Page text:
Feed the Future
This project is part of the U.S. Government's global hunger and food security initiative.

Matthew Krause (FTF-PI), Private Sector Engagement Tools

At the 2014 Scaling Up Adoption and Use of Agricultural Technologies GLEE in Bangkok, Thailand, participants got a chance to attend an innovative session that focused on "Decision-Making to Define and Select Effective Pathways." The session was organized using a "bus stop" approach, which was designed to be lively and interactive, and provided maximum space for discussions and networking. Below is a recorded bus stop and a set of questions and answers from the presenter.

What decision does the tool support in designing a scaling-up pathway?

Through Mission partnership engagement, we reduce the risks and accelerate the process for USAID Missions to engage private sector partners in support of food security objectives and programs, including commercialization of technologies.

What is the tool and briefly, how does it work?

Partnering for Innovation offers assistance for partnership development, assessing technology gaps along priority value chains, evaluating private sector providers of FTF assistance, and inviting new partners to work with Missions to fill these gaps. The program runs a competitive application process for technology commercialization and partnership agreements that creates incentives for private sector co-investment in FTF programs. We leverage USAID funding by using a performance-based grant mechanism to measure progress based on meeting business metrics such as sales, production, and employment generation. Partnering for Innovation’s assistance to Missions includes private sector and technology landscape analysis, drafting and releasing solicitations, collecting and evaluating applications, conducting due diligence and negotiating awards, and managing partnership implementation.

What are the strengths and weaknesses, and tradeoffs in using this tool?

Working closely with Mission staff, we help identify the objectives of the private sector engagement effort; develop criteria for selection; conduct solicitations, and jointly evaluate and select successful partners. Advantages of this process include more rapid identification and selection of partners, additional surge support to manage the partnership development process, and management of implementation and results monitoring.

What does this tool tell you about the potential for scaling up or setting targets?

The Partnering for Innovation team can offer support to the Mission to analyze where and how to engage the private sector to commercialize technologies. Upon selection of one or more private sector partners, results metrics are then clearly defined and negotiated at the onset, and a performance-based incentive system is put in place that conform to shared objectives.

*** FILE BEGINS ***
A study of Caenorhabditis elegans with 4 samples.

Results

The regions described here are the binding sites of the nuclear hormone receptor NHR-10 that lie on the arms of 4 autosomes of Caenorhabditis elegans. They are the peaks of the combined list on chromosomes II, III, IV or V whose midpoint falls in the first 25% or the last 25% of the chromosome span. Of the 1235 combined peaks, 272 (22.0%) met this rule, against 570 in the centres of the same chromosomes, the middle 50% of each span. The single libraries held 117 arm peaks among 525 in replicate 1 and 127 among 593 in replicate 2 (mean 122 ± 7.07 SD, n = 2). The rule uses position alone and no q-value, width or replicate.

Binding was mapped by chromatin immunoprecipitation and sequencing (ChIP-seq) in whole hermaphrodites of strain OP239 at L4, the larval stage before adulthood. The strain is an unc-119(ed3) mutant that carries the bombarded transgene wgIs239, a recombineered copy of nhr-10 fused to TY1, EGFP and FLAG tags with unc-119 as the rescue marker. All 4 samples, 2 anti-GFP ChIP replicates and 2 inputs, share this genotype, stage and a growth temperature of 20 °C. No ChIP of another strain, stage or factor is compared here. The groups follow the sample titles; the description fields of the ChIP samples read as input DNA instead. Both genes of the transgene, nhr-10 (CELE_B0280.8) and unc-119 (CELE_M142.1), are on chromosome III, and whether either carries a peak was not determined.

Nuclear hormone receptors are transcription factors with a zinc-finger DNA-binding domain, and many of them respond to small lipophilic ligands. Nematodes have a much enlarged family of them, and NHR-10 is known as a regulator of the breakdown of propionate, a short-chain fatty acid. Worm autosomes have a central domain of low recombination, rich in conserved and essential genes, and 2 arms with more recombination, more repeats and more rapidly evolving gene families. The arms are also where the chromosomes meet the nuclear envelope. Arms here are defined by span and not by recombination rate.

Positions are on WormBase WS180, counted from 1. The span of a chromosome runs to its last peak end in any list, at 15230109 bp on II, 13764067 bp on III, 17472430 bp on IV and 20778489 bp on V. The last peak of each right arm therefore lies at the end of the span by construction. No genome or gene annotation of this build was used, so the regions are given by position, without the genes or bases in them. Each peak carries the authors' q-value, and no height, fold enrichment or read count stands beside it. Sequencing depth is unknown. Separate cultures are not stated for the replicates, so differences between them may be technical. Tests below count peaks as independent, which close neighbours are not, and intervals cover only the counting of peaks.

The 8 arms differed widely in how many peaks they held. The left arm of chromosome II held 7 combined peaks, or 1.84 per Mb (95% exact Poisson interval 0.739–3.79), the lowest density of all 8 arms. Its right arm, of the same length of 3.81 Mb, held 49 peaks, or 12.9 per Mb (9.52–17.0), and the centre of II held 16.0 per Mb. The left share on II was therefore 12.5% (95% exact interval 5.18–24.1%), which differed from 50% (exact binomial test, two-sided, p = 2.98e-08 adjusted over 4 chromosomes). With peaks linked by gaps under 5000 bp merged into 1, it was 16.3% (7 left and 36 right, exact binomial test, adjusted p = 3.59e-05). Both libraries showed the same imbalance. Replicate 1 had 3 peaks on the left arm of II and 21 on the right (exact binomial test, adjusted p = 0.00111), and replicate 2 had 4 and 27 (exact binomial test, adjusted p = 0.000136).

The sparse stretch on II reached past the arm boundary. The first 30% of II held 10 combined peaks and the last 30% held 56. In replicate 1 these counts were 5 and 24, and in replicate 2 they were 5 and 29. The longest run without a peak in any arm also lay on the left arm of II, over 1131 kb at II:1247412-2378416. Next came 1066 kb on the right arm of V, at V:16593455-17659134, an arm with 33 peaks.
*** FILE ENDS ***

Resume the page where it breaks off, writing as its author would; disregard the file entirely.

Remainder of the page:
What is the approximate cost and time needed to use this tool?

The cost and time are contingent upon the complexity and the scale of the deal. Partnering for innovation can create a targeted pilot project with one or two partners in a matter of weeks. It can be funded and create impact in as little as six months. Larger and more complex partnerships can take several months to negotiate and begin implementation. Technical assistance to Missions is centrally funded. Mission resources are necessary when opening a solicitation window for Mission-specific partnerships.

What can the tool indicate about the sustainability of adoption or the likelihood of sustained long-term us of the technology?

The business model of any partnership engagement is critical to its success. All Partnering for Innovation grants help grantees achieve sustainability by the end of the award period. Since payments are milestone-based, costs to the program are contingent upon success of the implementation. This reduces the risk to the Mission should the partner not perform according to the terms of the agreement.


Matthew Krause (MKrause@fintrac.com) is the Commercial Partnership Development Lead for the Feed the Future Partnering for Innovation program. He is responsible for identifying and developing program partner alliances that improve access of agricultural technologies for smallholder farmers. An extensive 20-year career in both commercial business and international development program leadership, including more than 13 years in Asia leading agriculture development-oriented programs and serving as a private sector business consultant.